Still learning English
For the life of me I cannot remember who told me that learning was something you do your entire life, thus the word learning. If it was something you only accomplished in your youth it would be called something else. Maybe you would call it “learn’t,” short for “learned it.”
Aside from my apparent mastery of contractions — thus the word “learn’t” above — my battle with the English language has been one I am sure will go on for the rest of my life. In fact, I am almost certain I am destined to have something misspelled on my headstone.
Based on the number of both grammatical and spelling mistakes I have made in both my personal and professional life, it’s a given that either the date of my birth or the date of my death will be in error, or there will be something along the lines of “Here lays Timothy Reeves.” Yep, it should have said “lies.” Where was the little paper clip guy in Word when we needed him?
My ongoing battle, as I have coined it, with the English language goes all the way back to my youth, riding in the car going to school and back home each and every day with two English teachers, my parents. For more than 30 years each, these two helped beat in the ridiculous rules of the high school students who were bound and determined to avoid learning just about anything.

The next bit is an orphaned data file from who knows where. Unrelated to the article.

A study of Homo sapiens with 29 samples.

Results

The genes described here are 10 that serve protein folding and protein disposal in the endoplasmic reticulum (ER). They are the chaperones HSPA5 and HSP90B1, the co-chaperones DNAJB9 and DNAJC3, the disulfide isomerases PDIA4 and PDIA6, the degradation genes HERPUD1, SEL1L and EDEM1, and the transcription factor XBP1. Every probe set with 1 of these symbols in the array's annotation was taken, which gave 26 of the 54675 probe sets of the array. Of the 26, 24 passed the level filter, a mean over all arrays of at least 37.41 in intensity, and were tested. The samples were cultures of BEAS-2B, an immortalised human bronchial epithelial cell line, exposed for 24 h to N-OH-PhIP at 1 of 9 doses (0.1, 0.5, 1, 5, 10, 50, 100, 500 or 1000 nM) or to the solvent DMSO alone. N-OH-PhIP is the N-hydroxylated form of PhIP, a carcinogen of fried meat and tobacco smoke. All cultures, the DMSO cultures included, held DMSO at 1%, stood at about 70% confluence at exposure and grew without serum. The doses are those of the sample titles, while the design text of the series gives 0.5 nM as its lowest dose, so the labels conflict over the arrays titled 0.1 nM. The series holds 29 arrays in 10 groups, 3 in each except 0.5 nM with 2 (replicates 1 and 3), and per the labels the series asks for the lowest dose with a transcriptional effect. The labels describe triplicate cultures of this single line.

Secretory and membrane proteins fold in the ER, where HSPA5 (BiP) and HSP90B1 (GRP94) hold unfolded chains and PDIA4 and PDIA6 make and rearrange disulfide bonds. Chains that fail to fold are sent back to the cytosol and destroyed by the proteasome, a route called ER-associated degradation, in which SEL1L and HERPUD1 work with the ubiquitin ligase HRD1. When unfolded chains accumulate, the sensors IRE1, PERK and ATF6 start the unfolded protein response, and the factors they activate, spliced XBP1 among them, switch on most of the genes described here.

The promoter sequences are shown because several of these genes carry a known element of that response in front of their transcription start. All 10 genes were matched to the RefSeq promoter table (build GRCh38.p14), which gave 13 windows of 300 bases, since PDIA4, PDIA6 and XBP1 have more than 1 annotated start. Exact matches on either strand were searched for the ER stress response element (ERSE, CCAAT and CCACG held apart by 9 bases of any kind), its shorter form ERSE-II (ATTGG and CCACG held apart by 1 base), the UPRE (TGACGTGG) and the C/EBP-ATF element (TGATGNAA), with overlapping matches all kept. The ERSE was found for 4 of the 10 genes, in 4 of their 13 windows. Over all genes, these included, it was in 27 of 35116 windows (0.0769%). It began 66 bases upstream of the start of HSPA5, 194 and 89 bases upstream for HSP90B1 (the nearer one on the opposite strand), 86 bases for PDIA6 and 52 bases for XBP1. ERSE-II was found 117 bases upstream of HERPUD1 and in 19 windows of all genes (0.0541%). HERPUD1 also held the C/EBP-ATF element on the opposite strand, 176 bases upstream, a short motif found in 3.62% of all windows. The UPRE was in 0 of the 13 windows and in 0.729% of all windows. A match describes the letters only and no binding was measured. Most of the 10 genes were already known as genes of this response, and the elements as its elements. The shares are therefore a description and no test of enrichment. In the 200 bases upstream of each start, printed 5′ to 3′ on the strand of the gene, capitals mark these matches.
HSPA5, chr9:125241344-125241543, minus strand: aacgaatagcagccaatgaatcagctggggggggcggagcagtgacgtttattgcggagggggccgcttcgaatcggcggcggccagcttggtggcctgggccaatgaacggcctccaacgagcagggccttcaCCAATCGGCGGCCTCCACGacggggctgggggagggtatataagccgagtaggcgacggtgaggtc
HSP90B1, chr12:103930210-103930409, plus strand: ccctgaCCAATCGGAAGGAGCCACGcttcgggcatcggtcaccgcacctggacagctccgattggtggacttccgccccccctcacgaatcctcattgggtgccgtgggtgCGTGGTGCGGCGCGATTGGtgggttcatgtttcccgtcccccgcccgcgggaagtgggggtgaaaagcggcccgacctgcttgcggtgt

They would discuss such things as literature, argue about prepositional phrases and sentence structure. “Hey dad! Turn up the radio,” I would often say on the ride home.
That battle raged all the way through school, through college and even into my career in journalism. To this day, I am still trying to win the argument that there should be such word as “swum” in the English language. “I had swum across the pool,” is both a ridiculous and correct phrase.
In fact, during my high school career I chose to not chase after the advanced diploma, simply because I did not want to tie up my extracurricular time with foreign language classes. I argued I had taken four years of high school English classes while attending high school in South Alabama. That in itself should stand for some kind of foreign language credit.
And I chuckle each time I hear a politician make the absurd statement that foreigners need to learn English before they can become a citizen. If we were smart we probably would start making sure current American citizens learn English before we moved on to anyone else.
But, regardless of my poor results in correcting an uncorrectable language, it appears I am destined to wage this battle for much longer.
If you catch a mistake in one of my stories or columns, please understand the effort put forth on my part and those who worked tirelessly to teach me, or even catch those mistakes. I’ll just go ahead and attribute it to the fact that I just hadn’t “learn’t” well enough.